The Alfa Romeo 155 V6 TI quickly became a legend in European touring car racing circles in the 1990s – various examples of the car won the 1992 Italian Touring Car Championship, the 1993 German Touring Car Championship, the 1994 British Touring Car Championship, and the 1994, 1995, and 1997 Spanish Touring Car Championships.
The Alfa Romeo 155 V6 TI was an FIA Class 1 touring car that shared little with its production car namesake, it’s a silhouette race car with a full tubular steel space frame, an advanced all-wheel drive system and a high-revving 2.5 litre 90° V6 engine that hits the red line at 11,900 rpm.
The 690RC V6 is factory-rated at 490 bhp, it has a 2.5 litre swept capacity, and it sends power to all four wheel via a 6-speed semi-sequential transaxle.
The 155 V6 TI was fielded by Alfa Corse, Alfa Romeo’s factory racing team, from 1993 to 1996 in various European touring car series, though the model was also raced by privateers who were often competing directly with the factory team. It was privateer racers who were crowned back-to-back champions of the Spanish Touring Car Championship in 1994 and 1995.
The Alfa Romeo 155
Alfa Romeo had introduced the production 155 in 1992, known internally as Type 167, and they sold it until it was replaced by the Alfa Romeo 156 in 1997. The 155 received a lukewarm reception from the general public and the motoring media for one key reason – it was front-wheel drive. This was a controversial decision, particularly for an automaker with a long history of successful rear-wheel drive race cars, however Alfa Romeo did have one card up their sleeve – the 155 Q4.
The 155 Q4 shared the same basic design as the regular 155 but as the name suggests it was fitted with an all-wheel drive system, they could use “Q4” to denote this but not the full “Quattro 4” for obvious Audi-related reasons. The 155 Q4 would be the car most sought after by those who loved the wedge styling of the 155 but wanted some genuine performance.
Above Image: Under the skin the tube-frame chassis 155 TI is powered by a 490 bhp V6 sending power to all four wheels via a 6-speed gearbox.
The 155 Q4 is powered by a 2.0 litre turbocharged inline-four cylinder engine producing almost 200 hp and it has a permanent four-wheel drive powertrain, both derived from the Lancia Delta Integrale which was of course one of the greats of the Group B rally era.
The 155 V6 TI touring car version had a lot more in common with the 155 Q4 than it did with the regular civilian version of the 155, though there can be no doubt that it’s repeated successes on the race tracks of Europe in the hard-fought world of touring car racing helped sales across the board.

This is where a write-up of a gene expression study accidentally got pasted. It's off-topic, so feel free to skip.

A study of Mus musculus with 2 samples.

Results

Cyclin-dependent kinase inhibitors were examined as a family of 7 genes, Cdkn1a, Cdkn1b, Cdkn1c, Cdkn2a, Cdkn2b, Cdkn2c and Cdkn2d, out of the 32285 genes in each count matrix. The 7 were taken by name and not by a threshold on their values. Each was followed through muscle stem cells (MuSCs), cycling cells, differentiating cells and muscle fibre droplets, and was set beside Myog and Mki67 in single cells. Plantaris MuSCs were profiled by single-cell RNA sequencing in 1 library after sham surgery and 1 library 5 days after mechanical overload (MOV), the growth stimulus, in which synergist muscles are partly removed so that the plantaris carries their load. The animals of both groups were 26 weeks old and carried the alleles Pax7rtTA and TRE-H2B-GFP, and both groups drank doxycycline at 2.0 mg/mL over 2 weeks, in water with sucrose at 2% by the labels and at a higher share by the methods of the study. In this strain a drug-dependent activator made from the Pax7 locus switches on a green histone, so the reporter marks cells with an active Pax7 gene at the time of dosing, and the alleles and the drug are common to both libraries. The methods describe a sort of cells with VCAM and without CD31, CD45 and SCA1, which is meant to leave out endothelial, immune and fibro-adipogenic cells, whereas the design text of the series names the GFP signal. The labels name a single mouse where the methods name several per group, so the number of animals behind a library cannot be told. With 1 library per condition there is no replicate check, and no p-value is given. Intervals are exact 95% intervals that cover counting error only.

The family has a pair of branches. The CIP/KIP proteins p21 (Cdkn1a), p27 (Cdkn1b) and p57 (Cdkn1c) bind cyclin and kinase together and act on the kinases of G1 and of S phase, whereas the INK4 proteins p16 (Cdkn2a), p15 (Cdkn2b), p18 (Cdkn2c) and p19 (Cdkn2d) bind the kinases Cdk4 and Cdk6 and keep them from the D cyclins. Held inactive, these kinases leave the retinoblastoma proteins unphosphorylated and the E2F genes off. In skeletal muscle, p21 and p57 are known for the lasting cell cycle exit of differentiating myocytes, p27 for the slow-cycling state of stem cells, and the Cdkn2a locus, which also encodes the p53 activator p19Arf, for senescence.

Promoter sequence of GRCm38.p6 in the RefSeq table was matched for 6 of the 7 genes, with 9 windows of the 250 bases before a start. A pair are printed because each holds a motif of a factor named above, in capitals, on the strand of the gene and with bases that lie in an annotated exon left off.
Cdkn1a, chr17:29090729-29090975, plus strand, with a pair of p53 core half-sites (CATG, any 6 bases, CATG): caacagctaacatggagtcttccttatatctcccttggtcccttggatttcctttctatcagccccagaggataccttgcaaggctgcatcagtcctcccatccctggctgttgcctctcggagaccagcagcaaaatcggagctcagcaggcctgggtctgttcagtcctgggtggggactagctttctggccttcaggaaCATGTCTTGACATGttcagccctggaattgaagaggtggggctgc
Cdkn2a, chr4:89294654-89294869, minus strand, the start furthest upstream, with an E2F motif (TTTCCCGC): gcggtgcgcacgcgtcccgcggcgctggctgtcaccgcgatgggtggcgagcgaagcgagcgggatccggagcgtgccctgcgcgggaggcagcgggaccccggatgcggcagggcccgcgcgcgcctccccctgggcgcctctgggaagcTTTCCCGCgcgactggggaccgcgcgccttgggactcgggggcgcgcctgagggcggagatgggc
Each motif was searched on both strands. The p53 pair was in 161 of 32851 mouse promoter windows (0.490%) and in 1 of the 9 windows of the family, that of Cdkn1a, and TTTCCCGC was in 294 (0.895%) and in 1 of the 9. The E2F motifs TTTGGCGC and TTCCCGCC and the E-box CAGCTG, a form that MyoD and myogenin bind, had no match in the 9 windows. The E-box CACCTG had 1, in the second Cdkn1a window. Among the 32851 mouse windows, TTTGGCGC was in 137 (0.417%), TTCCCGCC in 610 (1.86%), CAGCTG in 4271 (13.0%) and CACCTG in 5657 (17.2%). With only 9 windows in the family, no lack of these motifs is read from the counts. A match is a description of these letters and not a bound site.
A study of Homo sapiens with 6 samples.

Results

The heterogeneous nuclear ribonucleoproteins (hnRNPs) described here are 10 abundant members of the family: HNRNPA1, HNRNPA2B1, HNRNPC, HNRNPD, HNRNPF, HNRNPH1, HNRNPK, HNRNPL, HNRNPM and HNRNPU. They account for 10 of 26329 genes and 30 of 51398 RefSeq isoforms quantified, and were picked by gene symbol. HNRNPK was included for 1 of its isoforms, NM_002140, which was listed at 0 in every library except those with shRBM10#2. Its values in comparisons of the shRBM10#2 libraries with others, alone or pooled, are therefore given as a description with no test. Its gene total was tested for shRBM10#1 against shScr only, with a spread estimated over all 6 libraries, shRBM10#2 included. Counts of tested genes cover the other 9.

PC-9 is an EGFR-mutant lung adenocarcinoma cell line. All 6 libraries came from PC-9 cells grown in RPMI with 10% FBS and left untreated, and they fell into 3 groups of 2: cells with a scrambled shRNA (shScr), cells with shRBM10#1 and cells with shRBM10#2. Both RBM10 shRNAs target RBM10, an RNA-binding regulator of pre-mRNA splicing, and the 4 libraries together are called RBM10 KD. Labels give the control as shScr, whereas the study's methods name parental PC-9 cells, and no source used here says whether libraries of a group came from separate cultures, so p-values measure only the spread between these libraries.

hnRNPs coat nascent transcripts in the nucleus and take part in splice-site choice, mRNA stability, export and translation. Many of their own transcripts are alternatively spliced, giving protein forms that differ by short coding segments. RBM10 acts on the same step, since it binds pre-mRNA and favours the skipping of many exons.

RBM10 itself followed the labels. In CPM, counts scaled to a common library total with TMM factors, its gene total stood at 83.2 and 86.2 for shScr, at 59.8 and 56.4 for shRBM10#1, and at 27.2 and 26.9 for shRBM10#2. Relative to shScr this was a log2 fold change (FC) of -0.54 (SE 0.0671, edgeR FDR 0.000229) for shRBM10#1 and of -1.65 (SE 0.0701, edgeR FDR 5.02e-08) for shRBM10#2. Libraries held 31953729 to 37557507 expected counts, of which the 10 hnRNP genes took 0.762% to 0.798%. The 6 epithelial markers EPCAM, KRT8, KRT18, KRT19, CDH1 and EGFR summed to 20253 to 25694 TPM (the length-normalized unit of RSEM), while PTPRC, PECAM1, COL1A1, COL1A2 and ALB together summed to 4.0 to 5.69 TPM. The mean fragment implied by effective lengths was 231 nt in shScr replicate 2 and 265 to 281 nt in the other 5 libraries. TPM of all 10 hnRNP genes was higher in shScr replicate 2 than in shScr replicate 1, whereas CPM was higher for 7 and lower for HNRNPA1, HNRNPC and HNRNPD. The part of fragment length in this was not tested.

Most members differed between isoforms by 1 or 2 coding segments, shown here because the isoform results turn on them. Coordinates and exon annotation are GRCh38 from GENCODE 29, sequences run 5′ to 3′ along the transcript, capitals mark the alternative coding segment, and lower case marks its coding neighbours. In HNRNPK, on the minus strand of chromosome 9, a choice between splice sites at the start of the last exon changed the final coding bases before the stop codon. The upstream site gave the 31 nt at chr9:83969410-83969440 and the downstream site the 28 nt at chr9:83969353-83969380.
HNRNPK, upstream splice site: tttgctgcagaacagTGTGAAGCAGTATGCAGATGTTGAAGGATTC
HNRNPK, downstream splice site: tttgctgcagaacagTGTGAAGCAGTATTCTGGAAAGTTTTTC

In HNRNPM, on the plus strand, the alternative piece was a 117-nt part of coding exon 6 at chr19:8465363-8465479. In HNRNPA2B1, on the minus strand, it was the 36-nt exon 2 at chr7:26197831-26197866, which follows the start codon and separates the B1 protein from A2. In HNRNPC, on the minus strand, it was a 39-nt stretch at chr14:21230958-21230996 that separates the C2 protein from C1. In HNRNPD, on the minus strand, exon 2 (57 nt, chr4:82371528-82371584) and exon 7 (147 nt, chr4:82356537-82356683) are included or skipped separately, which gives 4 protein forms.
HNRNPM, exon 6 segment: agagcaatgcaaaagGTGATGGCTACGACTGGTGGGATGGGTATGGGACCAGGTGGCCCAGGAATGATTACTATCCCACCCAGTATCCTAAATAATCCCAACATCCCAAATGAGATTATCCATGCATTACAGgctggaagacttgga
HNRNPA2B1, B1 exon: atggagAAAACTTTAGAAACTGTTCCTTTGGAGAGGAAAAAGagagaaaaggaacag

Today we look back on 1990s touring car racing with no small amount of nostalgia, thanks in part to Alfa Corse works driver Nicola Larini battling it out in national championships around the Continent.
The Alfa Romeo 155 V6 TI ITC Touring Car Shown Here
The car you see here is chassis #005, it’s an original 155 V6 TI ITC touring car that was raced in period by Alfa Corse-Martini works driver Nicola Larini to pole position at Magny-Cours and Mugello, followed by wins at Interlagos and Mugello.
Chassis #005 was retired after the 1996 season, it would remain in Italy in private hands until it was bought by the current owner in 2018 and imported into Germany. The plan was to have the car returned to race-ready specification so that it could be used to compete in the inaugural DTM Classics Series.
The car was sent to marque specialists at Scuderia Gran Tourismo in Irschenberg, Germany for work to be completed, over €350,000 has been spent over the past five years to return this iconic touring car to full racing trim. Unsurprisingly the car won its DTM Classics debut at the Norisring on the 7th of July 2019.
The Alfa is now for sale with RM Sotheby’s, it’s due to roll across the auction block on the 15th of June with a price guide of €700,000 to €800,000, that works out to approximately $852,481 to $974,264 USD. If you’d like to read more about it or register to bid you can click here to visit the listing.
Images: Stephan Bauer ©2021 Courtesy of RM Sotheby’s
Articles that Ben has written have been covered on CNN, Popular Mechanics, Smithsonian Magazine, Road & Track Magazine, the official Pinterest blog, the official eBay Motors blog, BuzzFeed, Autoweek Magazine, Wired Magazine, Autoblog, Gear Patrol, Jalopnik, The Verge, and many more.
Silodrome was founded by Ben back in 2010, in the years since the site has grown to become a world leader in the alternative and vintage motoring sector, with well over a million monthly readers from around the world and many hundreds of thousands of followers on social media.